A Good and Happy Child by Justin Evans
George Davies is a new father who finds he can't bear to touch his infant son. At first, his wife is willing to laugh this off as new-dad jitters, and George acts like he's just a "man's man" dad, not the type to change diapers and play "This Little Piggie." However, it quickly leads to serious marital strife, and George's wife issues him an ultimatum: go to therapy, or your family is leaving you.
In his first therapy session, George reveals that he's seen a therapist once before, when he was 11, and that he hasn't thought about that time in his life for many years. The therapist encourages him to explore those childhood memories by keeping a journal, warning him to "be ready for what comes out. When you lock something in a box for twenty years... it begins to stink."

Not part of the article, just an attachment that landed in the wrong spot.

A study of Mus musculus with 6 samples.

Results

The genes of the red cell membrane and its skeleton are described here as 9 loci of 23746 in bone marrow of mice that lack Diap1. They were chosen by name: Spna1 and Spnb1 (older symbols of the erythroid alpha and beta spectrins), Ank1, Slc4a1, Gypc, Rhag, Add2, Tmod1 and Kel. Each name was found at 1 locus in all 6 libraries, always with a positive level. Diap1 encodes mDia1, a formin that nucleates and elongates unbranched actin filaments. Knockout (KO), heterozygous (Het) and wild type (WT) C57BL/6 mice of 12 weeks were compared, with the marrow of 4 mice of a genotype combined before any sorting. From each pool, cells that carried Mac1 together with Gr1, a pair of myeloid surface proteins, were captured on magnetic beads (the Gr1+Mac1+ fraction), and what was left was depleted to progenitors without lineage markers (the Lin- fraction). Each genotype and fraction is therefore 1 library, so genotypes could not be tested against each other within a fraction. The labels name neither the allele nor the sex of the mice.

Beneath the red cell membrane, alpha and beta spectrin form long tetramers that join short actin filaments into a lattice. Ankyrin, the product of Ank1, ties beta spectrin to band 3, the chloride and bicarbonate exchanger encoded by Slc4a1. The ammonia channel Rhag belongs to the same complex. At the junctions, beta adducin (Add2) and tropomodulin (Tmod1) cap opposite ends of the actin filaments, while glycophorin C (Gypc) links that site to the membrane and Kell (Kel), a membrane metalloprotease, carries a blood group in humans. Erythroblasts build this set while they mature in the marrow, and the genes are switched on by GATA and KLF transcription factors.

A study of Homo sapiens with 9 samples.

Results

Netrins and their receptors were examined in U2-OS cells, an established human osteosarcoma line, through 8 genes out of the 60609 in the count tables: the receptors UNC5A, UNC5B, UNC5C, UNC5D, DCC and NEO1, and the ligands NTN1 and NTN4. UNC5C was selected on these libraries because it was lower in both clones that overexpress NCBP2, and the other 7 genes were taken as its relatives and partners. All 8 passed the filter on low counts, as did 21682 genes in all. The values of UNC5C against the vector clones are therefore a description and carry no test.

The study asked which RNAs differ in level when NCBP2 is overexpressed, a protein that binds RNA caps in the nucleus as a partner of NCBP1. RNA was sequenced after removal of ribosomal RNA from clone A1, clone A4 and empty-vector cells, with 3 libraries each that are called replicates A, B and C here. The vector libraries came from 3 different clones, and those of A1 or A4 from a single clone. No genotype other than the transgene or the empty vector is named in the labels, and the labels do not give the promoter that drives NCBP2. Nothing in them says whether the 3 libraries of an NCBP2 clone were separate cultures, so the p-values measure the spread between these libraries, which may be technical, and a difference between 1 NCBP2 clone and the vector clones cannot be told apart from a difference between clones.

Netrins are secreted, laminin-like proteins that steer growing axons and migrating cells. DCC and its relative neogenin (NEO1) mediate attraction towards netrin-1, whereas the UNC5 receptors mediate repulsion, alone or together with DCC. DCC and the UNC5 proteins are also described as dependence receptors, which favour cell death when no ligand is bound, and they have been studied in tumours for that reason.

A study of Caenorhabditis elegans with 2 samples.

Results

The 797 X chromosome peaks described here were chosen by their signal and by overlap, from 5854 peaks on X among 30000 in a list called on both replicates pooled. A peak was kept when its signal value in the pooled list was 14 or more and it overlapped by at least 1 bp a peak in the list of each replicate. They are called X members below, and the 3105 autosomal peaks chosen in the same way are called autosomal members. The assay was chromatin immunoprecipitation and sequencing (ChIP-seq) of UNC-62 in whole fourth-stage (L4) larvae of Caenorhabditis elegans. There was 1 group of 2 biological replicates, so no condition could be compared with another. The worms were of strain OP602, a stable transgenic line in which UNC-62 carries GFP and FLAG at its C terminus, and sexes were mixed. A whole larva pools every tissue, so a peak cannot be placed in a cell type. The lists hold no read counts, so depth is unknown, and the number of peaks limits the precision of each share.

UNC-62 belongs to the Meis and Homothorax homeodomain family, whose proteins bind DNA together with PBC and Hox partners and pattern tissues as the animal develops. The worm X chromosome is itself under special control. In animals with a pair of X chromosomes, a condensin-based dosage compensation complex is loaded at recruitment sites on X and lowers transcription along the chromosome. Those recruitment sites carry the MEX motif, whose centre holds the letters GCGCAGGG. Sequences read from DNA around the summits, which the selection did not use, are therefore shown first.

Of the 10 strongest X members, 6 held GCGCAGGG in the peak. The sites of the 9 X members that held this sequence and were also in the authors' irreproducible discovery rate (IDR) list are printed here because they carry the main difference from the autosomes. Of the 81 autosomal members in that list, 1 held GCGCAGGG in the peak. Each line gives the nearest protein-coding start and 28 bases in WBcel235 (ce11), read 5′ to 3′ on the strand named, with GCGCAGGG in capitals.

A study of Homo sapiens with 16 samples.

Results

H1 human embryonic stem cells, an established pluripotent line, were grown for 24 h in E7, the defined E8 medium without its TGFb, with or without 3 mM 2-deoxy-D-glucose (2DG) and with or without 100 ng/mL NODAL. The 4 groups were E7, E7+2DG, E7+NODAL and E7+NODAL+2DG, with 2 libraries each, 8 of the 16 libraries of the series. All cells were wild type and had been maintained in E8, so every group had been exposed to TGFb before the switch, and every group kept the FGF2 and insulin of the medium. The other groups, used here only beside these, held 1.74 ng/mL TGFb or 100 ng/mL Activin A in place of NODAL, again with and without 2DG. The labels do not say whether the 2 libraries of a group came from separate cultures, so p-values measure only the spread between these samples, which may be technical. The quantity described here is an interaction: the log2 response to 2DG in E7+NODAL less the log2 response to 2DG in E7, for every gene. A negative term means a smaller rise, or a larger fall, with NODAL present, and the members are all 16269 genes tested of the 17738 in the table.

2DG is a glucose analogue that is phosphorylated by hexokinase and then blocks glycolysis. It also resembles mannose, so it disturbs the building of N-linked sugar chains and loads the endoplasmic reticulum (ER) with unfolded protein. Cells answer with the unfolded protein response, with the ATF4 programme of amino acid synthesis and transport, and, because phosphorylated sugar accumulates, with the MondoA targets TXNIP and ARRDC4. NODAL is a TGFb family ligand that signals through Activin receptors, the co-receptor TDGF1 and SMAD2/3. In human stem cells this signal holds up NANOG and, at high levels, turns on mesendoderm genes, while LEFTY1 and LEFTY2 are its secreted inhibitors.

This turns out to be something of an understatement.
The reviews I've read of this book turn cryptic after this point in the story, alluding to the mysterious death of George's father, imaginary friends, mental illness, and demonic possession, but giving up nothing concrete. After reading the book, I'm afraid I'm going to have to join those reviewers and keep mum.
But I will tell you this much. First, its comparisons to Donna Tartt's The Secret History and to The Exorcist are apt (I'd also include The Historian by Elizabeth Kostova in those comparisons). Second, when I got into bed last night, I looked under it first. I also checked the shower and closets. I'm not proud.
Gwen recently posted about reading The Historian, and about the irrationality of being an educated adult who is still terrified of vampires. As an educated adult who finds any horror story involving religion to be petrifying, I can totally relate.